The red wines of the Bordeaux region of France never have to worry about their white co-stars getting too much applause.  The whites are always under-appreciated compared to the big, classic and show-stealing reds, and itís been this way for hundreds of years.  But staying out of the limelight has its advantage:  price.  While there are a handful of Bordeaux whites out there that command outrageous price tags (such the blanc from Haut-Brion), the vast majorities available at your local wine shop are reasonable. 

Bordeaux whites are blends of three grapes - Semillon, Sauvignon Blanc, and Muscadelle.  Although Muscadelle often plays the most minor role, there are no rules about what percentage a producerís blend must be.

The White Bordeaux Bash will be remembered for two things:  1) Stephen's first ever gold medal finish.  Although it was a shared win with Ali, it breaks his unimaginable losing streak.  And, 2) Everyone's general lack of enthusiasm for these wines.  While the wines were well made and well priced, the majority of tasters were not compelled to finish their glasses.

Andy was indisposed and stayed home, so an alternate taster was brought in.  Joyce purchased a white Burgundy for the tasting, but it was still interesting to see how it compared to the Bordeaux.  Tasted blind, we had no idea what bottle was the ringer, and Joyce to no surprise was an outstanding alternate taster.

First Place (tie):  Chateau Haut Maginet 2004 (Bordeaux).  The only wine of the night with the broad Bordeaux appellation, it exhibited a nose reminiscent of grass, lime, honey, gooseberry, green apples and honeydew melon.  Kristin noted scents of isopropyl alcohol.  Flavors of fresh herbs, apples, lime, grapefruit, lemon, and peaches.  Ali felt that it started off "lovely and wet", and then ended dry, like "the Sahara desert".  Kristin thought it was "pleasant", and everyone liked the nose far more than the taste.  Sarah felt that it "pairs nicely with the meaty olives".  Kristin and Sarah's favorite of the tasting.  Received 23 points.  Stephen's bottle.  About $11.

First Place (tie):  Chateau Coucheroy 2002 (Pessac-Leognan).  Aromas of lime, flowers, ginger and mulling spices.  Joyce described a "mock orange" flower scent, while Kristin had a strong anti-Chardonnay reaction to it.  Ali suggested that it "smells like a red wine".  On the palate, it was slightly buttery, with hay, creamy grapefruit, spices, and a tinny quality.  Stephen thought it evoked memories of a creamsicle.  Not much oak on the finish.  Kristin felt this was made of Chardonnay.  At this point, everyone raised their glass, and toasted to Andy.  He was missed.  This bottle was Ali and Stephen's number one choice of the night.  Made of 90% Sauvignon Blanc, and 10% Semillon.  Received 23 points.  Ali's bottle.  About $15.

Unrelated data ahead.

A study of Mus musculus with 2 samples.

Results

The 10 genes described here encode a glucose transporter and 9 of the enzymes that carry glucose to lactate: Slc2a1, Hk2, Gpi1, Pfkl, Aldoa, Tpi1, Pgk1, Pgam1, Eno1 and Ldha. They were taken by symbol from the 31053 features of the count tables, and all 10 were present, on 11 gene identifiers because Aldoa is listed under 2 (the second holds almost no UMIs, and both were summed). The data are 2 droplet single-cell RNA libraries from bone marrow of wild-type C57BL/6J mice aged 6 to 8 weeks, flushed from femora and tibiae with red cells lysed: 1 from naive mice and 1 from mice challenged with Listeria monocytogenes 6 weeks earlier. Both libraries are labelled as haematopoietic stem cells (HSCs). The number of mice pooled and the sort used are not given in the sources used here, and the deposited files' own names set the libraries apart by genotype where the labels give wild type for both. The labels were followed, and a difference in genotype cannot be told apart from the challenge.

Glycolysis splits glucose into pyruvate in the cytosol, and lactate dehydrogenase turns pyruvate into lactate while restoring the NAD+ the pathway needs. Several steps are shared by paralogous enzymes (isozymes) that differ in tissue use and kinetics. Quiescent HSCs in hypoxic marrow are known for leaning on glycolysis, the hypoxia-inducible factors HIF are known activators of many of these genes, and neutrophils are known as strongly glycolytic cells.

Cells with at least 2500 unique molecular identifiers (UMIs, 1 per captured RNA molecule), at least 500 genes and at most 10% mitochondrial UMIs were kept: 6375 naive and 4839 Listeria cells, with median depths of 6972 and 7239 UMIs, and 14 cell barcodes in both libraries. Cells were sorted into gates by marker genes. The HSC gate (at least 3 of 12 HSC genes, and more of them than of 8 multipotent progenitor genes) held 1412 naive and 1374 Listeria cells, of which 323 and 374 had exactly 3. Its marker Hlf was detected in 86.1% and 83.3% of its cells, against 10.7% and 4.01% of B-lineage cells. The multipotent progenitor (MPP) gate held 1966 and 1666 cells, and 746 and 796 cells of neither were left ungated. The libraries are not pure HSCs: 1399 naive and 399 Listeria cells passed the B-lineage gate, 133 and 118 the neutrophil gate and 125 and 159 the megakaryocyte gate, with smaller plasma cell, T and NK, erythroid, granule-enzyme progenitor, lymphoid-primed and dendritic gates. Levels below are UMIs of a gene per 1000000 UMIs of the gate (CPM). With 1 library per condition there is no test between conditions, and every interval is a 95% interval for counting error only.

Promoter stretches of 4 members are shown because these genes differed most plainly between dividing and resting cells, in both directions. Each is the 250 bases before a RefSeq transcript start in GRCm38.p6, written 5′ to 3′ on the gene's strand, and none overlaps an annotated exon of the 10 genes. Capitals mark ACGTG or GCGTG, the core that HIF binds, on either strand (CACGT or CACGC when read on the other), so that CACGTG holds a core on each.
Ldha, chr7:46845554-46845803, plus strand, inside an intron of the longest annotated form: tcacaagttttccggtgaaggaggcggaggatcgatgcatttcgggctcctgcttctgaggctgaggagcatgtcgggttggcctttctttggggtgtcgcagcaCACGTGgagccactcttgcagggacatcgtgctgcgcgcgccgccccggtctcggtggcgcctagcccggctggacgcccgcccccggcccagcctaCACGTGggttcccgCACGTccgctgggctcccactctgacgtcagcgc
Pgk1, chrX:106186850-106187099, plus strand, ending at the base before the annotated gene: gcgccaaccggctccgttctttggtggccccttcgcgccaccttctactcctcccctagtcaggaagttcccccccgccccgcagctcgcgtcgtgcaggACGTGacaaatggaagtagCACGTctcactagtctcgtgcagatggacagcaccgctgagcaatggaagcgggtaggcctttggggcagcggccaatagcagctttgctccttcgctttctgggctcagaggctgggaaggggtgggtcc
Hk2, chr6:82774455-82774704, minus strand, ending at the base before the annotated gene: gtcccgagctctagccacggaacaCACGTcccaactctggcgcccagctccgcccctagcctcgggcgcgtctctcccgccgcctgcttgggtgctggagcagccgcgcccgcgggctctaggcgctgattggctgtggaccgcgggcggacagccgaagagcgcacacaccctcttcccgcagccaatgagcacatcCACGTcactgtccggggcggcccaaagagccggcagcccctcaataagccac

Second Place: Chateau Haut Gravier 2002 (Graves).  Tasters noted straw, hay, violets, wax and olives on the nose.  Ali thought that it "smells like dishwater".  Very herbal mid-palate, that also featured limes, tangerines, and nuts.  Joyce felt that the texture was "oily", while Sarah felt the palate was too tart.  Ali described a "warming finish".  Joyce and David's favorite of the tasting, with David noting that it was "intriguing" with a lingering mineral finish.  A blend of Semillon and Sauvignon Blanc.  Received 15 points.  Sarah's bottle.  About $13.

Third Place:  Louis Jadot Meursault 2002.  Made of 100% Chardonnay, this bottle did not qualify under the tasting rules, but it was enjoyed enough to get the bronze medal.  Exhibited scents of honey roasted peanuts, rubbing alcohol, caramel, vanilla, and a medicinal quality.  Sarah noticed "spring foliage".  Flavors of caramels, pez candy, vanilla, marshmallows, and brown sugar.  Had a cheesy finish, or perhaps like vanilla yogurt.  David's least favorite wine.  Received 10 points.  Joyce's bottle.  About $40.

Non-medal winners:

Chateau Bonnet 2002 (Entre-Deux-Mers).  With aromas of grapefruit, grass, apples, and hay, tasters felt that it was the most "Sauvignon Blancy".  David felt that the nose reminded him of "cold ketchup".  Herbal, with green apples, lemon, and lavender flavors.  Minerals on the finish.  David thought it was "tartly under-ripe".  Ali hated it.  Composed of 45% Semillon, 45% Sauvignon Blanc, and 10% Muscadelle.  Received 7 points.  Kristin's bottle.  About $10.

Chateau Graville Lacoste 2003 (Graves).  Nose was fuller, and more round, with citrus, grass, pencil shavings, honey and wax.  Kristin indicated that it "smells like art supplies", while Ali felt that it "smells like feet".  Flavors were earthy, with a chemical/petrol quality.  Weird aftertaste.  Stephen didn't like it at all, and Ali hated it, saying that it tastes "like pool water".  No points.  David's bottle.  About $12.

Also tasted:

Achaval Ferrer Malbec/Cabernet Sauvignon/Merlot 2000 (Mendoza).  This Argentine red exhibited complex aromas of blackberries, leather, dark earth, licorice, cocoa powder, charred oak, and black cherries.  Ali suggested "red goodness", and Joyce noted, "smells like a lawn".  Smoky, with flavors of cola, tobacco, blackberries, earth, pepper, dark spices and charcoal.  Stephen thought it was "a steakhouse red".  Clearly needing more time to breathe, it opened up in the glass and was more expressive near its end.   From David's cellar.  About $50.

Paringa Shiraz "Individual Vineyard" 2002 (South Australia).  As usual by this point in the night, our palates were worn out.  Still, we noted earth, mushrooms, cherries, blackberries, vanilla and raspberries.  Alcohol showed a bit too much.  Ali guessed that it could have been an Amarone.  From David's cellar.  About $11.